If you needed more proof that baseball's a really weird game, all you had to do was watch the All-Star Game. For the first time since the Martin Van Buren administration (note: may not be 100 percent accurate), the National League beat the American League. And thus, our beloved Washington Nationals now have home-field advantage in the World Series thanks to winning pitcher in the game: D.C.'s own Matt Capps.
He's the winner, even though he's about the fifth most deserving player on the fifth worst team in the National League. You can't buy that kind of pedigree.
As soon as he was named an All-Star a few weeks back, trade chatter started. Last night's win ramped it up a bit more. The argument goes: since he's an All-Star now -- and a winner! -- his trade value is higher, and the Nats should look to sell.
I understand the quasi-thoughts that go into this line of thinking, but it always baffles me. Is there really a general manager out there who's going to suddenly have a new appreciation for Capps? (I can hear you thinking, "but what about Ed Wade!")
"Well, I only thought he was an average closer, but now that he's a certified All-Star, here! Have my farm."
It probably doesn't work that way.
He is, to use the overworn cliche, what he is. A perfectly fine closer. He's basically what Chad Cordero is. And you remember what the Nats got for Chad Cordero, right? Hint: Nothing.
The fact is that unless you're trading a truly great pitcher, there's not going to be a huge amount of interest.
If you scroll through the list of deadline-day deals, it's been quite a few years since a closer changed teams. It's basically been a motley assortment of middle relievers for scrubs.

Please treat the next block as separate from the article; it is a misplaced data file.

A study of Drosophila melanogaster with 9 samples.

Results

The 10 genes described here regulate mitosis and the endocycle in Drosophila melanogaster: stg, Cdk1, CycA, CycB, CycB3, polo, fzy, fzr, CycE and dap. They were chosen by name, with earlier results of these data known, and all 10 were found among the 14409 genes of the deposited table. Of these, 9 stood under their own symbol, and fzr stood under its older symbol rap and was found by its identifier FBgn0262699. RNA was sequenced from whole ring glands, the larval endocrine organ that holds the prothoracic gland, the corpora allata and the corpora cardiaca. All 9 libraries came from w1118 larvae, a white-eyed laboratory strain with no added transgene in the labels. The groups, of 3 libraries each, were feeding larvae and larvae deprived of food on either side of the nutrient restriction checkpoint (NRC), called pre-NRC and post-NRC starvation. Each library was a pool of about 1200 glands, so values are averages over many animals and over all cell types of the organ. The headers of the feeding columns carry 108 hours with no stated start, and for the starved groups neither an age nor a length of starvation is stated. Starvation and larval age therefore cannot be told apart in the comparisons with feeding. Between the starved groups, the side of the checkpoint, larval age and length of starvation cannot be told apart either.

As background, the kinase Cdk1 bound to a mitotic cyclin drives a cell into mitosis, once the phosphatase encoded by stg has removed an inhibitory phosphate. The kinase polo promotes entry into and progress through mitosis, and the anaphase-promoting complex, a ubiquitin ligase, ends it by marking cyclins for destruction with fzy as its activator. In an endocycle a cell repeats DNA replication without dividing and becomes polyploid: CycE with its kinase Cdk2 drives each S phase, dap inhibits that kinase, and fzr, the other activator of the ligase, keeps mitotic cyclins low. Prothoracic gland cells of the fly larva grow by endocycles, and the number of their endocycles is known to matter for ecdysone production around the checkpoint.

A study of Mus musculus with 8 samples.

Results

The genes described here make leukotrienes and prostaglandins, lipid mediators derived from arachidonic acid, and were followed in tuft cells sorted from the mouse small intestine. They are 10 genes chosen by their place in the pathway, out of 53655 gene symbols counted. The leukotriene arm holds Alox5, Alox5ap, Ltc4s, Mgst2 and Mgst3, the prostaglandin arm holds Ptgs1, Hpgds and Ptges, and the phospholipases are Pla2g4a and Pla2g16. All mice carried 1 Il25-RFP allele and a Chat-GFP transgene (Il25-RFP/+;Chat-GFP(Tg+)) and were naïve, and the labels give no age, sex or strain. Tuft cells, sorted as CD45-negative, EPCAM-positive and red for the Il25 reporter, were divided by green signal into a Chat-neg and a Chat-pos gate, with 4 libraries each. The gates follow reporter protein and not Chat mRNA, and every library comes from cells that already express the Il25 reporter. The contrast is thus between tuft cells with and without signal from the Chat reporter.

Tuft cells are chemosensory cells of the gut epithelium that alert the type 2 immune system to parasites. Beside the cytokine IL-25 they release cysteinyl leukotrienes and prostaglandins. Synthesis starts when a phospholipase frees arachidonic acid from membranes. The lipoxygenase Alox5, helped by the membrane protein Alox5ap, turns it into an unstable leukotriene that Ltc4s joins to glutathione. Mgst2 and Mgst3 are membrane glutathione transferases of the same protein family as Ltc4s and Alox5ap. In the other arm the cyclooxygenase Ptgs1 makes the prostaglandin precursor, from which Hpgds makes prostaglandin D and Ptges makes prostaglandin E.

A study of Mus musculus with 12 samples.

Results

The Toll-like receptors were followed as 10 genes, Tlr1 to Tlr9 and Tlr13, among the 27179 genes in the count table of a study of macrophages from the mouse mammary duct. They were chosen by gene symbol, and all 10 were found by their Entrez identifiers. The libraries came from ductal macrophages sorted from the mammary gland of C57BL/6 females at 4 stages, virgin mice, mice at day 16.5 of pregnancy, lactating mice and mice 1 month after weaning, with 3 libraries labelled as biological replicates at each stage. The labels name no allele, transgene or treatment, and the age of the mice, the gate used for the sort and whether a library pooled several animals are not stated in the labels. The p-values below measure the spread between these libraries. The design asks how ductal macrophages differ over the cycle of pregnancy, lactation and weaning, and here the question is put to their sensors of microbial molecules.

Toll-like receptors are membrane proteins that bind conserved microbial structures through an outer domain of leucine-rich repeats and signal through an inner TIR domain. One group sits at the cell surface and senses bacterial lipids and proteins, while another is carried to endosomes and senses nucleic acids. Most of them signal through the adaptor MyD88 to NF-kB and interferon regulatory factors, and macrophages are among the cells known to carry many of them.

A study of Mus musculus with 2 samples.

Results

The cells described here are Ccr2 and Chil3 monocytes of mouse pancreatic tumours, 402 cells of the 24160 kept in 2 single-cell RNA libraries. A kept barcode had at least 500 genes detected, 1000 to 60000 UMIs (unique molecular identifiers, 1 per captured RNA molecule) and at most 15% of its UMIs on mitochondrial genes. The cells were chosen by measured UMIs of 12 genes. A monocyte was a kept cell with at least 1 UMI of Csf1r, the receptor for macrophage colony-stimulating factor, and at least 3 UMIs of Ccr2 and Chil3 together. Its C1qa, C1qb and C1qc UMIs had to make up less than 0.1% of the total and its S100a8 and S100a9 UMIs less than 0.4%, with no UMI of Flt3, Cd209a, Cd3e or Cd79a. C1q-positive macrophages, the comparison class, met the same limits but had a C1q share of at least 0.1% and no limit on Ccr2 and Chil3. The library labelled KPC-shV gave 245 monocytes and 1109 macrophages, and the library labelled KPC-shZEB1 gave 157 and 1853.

So, yes, the Nats should consider trading Capps. But they shouldn't necessarily expect much for him. And they shouldn't expect anything more now this week, than they would've last week, before he was a "Proven All-Star."
The problem is that most other teams are going to view Capps as something other than an elite closer. While he's having a fine season now, last year's 5.80 ERA and subsequent non-tendering is likely still in most general managers' memory banks. And this year, while a nice rebound year, isn't anything special. A 3.18 ERA? (Or pick your own fancy stathead-approved stat.) That's nothing special.
It's the Chad Cordero problem all over again. When the Nats wanted to dump their closer at the deadline back then, no other team viewed him as a true closer. They wanted to pick him up as a middle reliever or setup guy and pay that kind of price. Whereas the Nats viewed him as their mini-Mariano Rivera.
This might be the same situation. Capps has more value to the Nats than he does to a contender. Factor in that he's under team control for next year (assuming the Nats want to risk a $5 million or higher arbitration award), and it's hard to see what the Nats could get that would really interest them.
The Nats should definitely explore trading him, but don't expect anything to happen. And certainly don't hold your breath for anything valuable. For a comparable kind of value, consider last year's deadline deal of O's closer George Sherrill. Are any O's fans excited about the prospects they got back? Have O's fans even heard of Josh Bell or Steve Johnson?
The Sherrill comparison is even more instructive, as the Dodgers recently waived him. Relievers, especially non-elite ones, are replaceable, interchangeable, and highly variable. Teams (note: does not apply to Ed Wade) generally understand this.
So does Mike Rizzo. So while he's sure to shop Capps around, he understands the return won't be much -- All-Star or not.